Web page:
Very few publicly traded companies are “all-in” or “all-out” affairs. The vast majority of investments feature a solid mix of pros and cons. But for Hertz Global Holdings, Inc (NYSE:HTZ), it’s extraordinarily difficult to see any other direction but down. Aside from facing severe technical pressures, HTZ stock must overcome a perfect fundamental storm.
The biggest obstacle is the passenger car rental market itself. I don’t care what you invest in, if your asset is tethered to a sinking industry, your profitability potential is immediately troubled.
And Hertz stock buyers are finding out the hard way that their expenditures aren’t a discount. Rather, these investments represent someone else’s problems dumped onto an unwitting party.
According to the Bureau of Labor Statistics, the car rental market’s producer price index has been flat since December 2015. The BLS defines the PPI as the “average change over time in the selling prices received by domestic producers for their output.” Furthermore, economics 101 tells us that in response to lower demand, producers lower prices. Unless a new economic theory exists of which I’m unaware, HTZ stock is in big trouble.
Car rental PPI last peaked in August 2009. Essentially, we’re on the road to no industry growth for a decade unless something dramatic occurs. Furthermore, the PPI has charted a trend of lower highs over the past eight years. Poor industry sentiment impacted Hertz stock rival Avis Budget Group Inc. (NASDAQ:CAR), which is down 12% year-to-date.
Even corporate transportation solutions provider Ryder System, Inc. (NYSE:R) is in red-ink for the year. Amerco (NASDAQ:UHAL) shares, which operates the ubiquitous subsidiary U-Haul International, disappointed investors until just recently.
At 33% in the hole YTD, Hertz stock can’t even claim that other competitors are doing worse. Don’t expect anything to change after its earnings report.
HTZ Is Troubled at Every Corner
HTZ will release their second quarter of fiscal 2017 earnings report before the opening bell. By any rational indication, investors may expect another bloodbath in a long series of bloodbaths. Analysts forecast Hertz earnings per share to come in at a loss of 16 cents. The estimate spectrum is exceptionally broad: 41 cents in the red at the low, a dime at the top.
At this juncture, it’s overkill to describe the financial outlook, but I’ll do it for posterity’s sake. In the year-ago quarter, analysts estimated Hertz stock to hit an EPS of 31 cents. The company beat that target by ten cents, producing a 32% earnings surprise. Even hardened bulls — if they exist — have to acknowledge the dramatic reversal of fortune.
Honestly, that’s just the easy part. Since the beginning of fiscal 2016, HTZ forwarded abysmal numbers. In Q1 of last year, Hertz reported an EPS loss of 80 cents. The estimate called for a loss of only a penny. Not including that miss, the earnings shortfall against expectations since Q3 FY 2016 averages a loss of 48%.
Revenue estimations don’t help matters. Wall Street expects HTZ revenues to hit $2.2 billion, down $100 million from the year-ago quarter. Unfortunately, sales growth has been Hertz’s sour point for the past three years, both nominally and against its competition.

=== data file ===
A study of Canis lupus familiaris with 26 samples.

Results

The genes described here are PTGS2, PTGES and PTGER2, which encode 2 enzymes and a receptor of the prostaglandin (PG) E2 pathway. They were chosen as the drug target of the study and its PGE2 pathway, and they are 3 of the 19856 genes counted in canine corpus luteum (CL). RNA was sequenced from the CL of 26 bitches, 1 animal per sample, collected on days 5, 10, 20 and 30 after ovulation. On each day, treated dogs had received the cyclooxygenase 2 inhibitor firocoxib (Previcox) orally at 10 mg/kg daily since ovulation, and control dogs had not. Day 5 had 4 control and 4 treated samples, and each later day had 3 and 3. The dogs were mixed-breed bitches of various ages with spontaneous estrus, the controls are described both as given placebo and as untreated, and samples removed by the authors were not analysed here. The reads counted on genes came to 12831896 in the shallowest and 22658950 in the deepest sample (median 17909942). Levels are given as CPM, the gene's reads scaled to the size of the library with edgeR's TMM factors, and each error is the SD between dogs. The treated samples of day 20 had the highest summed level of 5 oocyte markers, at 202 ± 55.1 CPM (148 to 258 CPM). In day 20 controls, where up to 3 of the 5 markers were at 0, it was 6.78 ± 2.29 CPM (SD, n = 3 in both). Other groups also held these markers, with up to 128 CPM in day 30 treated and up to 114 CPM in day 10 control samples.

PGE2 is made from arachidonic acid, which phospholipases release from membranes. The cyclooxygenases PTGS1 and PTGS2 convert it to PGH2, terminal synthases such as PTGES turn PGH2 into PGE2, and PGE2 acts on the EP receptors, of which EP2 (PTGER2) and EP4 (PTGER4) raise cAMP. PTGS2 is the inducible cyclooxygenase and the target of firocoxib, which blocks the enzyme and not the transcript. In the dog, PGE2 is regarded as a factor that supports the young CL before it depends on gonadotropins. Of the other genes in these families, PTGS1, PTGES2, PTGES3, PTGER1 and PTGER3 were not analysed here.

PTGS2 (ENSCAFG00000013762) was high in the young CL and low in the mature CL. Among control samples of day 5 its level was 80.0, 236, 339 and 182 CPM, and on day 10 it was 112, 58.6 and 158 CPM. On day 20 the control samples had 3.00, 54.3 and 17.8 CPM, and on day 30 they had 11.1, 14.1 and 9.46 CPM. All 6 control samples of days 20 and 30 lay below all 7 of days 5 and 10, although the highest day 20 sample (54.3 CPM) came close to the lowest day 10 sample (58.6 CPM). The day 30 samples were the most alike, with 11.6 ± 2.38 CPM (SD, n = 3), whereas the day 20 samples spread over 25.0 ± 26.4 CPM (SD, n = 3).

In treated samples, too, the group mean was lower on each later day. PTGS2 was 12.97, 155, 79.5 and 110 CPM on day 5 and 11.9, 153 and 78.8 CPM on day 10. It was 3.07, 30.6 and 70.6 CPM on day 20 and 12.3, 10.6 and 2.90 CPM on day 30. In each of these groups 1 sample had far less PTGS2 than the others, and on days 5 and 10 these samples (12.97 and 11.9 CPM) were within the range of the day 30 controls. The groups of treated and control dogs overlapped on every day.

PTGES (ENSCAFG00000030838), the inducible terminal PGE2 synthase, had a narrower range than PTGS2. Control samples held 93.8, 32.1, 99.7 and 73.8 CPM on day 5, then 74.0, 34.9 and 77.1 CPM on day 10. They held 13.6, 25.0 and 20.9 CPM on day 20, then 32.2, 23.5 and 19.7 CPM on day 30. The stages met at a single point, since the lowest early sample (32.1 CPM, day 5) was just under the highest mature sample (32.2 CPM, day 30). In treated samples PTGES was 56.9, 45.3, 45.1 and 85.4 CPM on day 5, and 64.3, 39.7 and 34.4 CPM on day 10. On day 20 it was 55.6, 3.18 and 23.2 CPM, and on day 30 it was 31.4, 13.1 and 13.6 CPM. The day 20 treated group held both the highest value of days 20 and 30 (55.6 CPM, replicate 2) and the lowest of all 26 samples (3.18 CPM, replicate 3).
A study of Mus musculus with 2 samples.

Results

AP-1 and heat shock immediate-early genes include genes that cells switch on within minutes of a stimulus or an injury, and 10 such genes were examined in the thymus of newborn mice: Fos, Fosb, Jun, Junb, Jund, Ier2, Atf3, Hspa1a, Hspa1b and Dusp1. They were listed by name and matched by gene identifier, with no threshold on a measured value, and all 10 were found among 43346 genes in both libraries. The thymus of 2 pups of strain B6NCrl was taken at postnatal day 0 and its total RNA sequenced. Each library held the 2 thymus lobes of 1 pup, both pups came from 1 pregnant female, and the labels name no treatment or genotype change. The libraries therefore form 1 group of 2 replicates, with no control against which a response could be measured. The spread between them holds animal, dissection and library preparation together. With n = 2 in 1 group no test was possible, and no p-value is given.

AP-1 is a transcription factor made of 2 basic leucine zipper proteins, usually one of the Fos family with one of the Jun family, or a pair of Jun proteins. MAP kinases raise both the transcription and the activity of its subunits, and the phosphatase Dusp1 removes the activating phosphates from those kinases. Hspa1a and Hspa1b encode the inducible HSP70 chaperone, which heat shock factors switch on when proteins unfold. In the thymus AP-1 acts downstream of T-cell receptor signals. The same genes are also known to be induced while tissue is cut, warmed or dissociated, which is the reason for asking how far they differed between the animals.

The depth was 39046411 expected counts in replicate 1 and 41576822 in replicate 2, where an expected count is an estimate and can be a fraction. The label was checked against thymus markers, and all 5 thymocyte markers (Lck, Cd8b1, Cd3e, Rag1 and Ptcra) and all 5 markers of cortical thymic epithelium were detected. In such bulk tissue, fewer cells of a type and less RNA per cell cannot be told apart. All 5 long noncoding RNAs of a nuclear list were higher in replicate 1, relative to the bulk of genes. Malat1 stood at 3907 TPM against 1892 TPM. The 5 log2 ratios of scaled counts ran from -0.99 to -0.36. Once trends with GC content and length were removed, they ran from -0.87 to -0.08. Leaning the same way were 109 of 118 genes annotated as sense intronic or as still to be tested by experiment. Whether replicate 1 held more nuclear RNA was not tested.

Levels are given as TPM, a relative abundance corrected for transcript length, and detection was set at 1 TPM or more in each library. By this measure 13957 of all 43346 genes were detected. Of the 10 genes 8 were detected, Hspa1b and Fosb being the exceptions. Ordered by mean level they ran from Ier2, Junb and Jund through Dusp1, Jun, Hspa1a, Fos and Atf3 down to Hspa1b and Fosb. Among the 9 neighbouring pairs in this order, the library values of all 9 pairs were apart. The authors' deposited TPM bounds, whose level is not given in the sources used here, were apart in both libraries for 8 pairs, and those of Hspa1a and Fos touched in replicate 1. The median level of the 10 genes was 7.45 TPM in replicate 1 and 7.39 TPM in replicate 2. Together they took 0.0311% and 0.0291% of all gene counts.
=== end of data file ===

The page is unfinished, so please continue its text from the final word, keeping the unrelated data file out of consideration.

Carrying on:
Contrarians looking for a silver lining should stop their quest. According to InvestorPlace feature writer James Brumley, HTZ management gambled on an improving business environment, and got burnt.
An aggressive competitor acquisition burdened Hertz stock with debt. That situation has only become more problematic because of its junk-grade credit, and the aforementioned industry deterioration.
Industry Headwinds Stymie HTZ Stock
As is typically the case for beaten down investments, some might be tempted to buy HTZ stock under the thesis that it can’t get any worse. In addition, JPMorgan opened coverage of car rental shares, sending HTZ stock up over 10% on Friday. The renowned financial institution noted that bearish headwinds were overplayed.
But for those considering taking a shot on Hertz stock, I’d urge extreme caution. Not only is the rental industry terrible, the used car sector is equally bad, if not worse. The automotive second-hand automotive market’s PPI peaked in April of 2011. It’s been a steaming pile since then. Even if used cars gained traction, the sector must compete with new cars, which have also struggled. With both sides chopping prices, I don’t know where you make consistent profits.
And if that circumstance wasn’t bad enough, Hertz’s credit downgrade makes its debt financing incredibly difficult, per Brumley’s argument. Just one of these challenges would give any company massive headaches. To face all three is a perfect trifecta of pain.
When assessing Hertz stock, all you must do is consider the facts. Both car rental and used car markets are declining, according to the BLS. Several earnings reports have fallen short of Wall Street expectations, per major business publications.
Finally, aggressive tactics that didn’t pan out have weakened the balance sheet. The only good news is that the HTZ share price is “cheap.” But that by itself is no reason to go long.
As of this writing, Josh Enomoto did not hold a position in any of the aforementioned securities.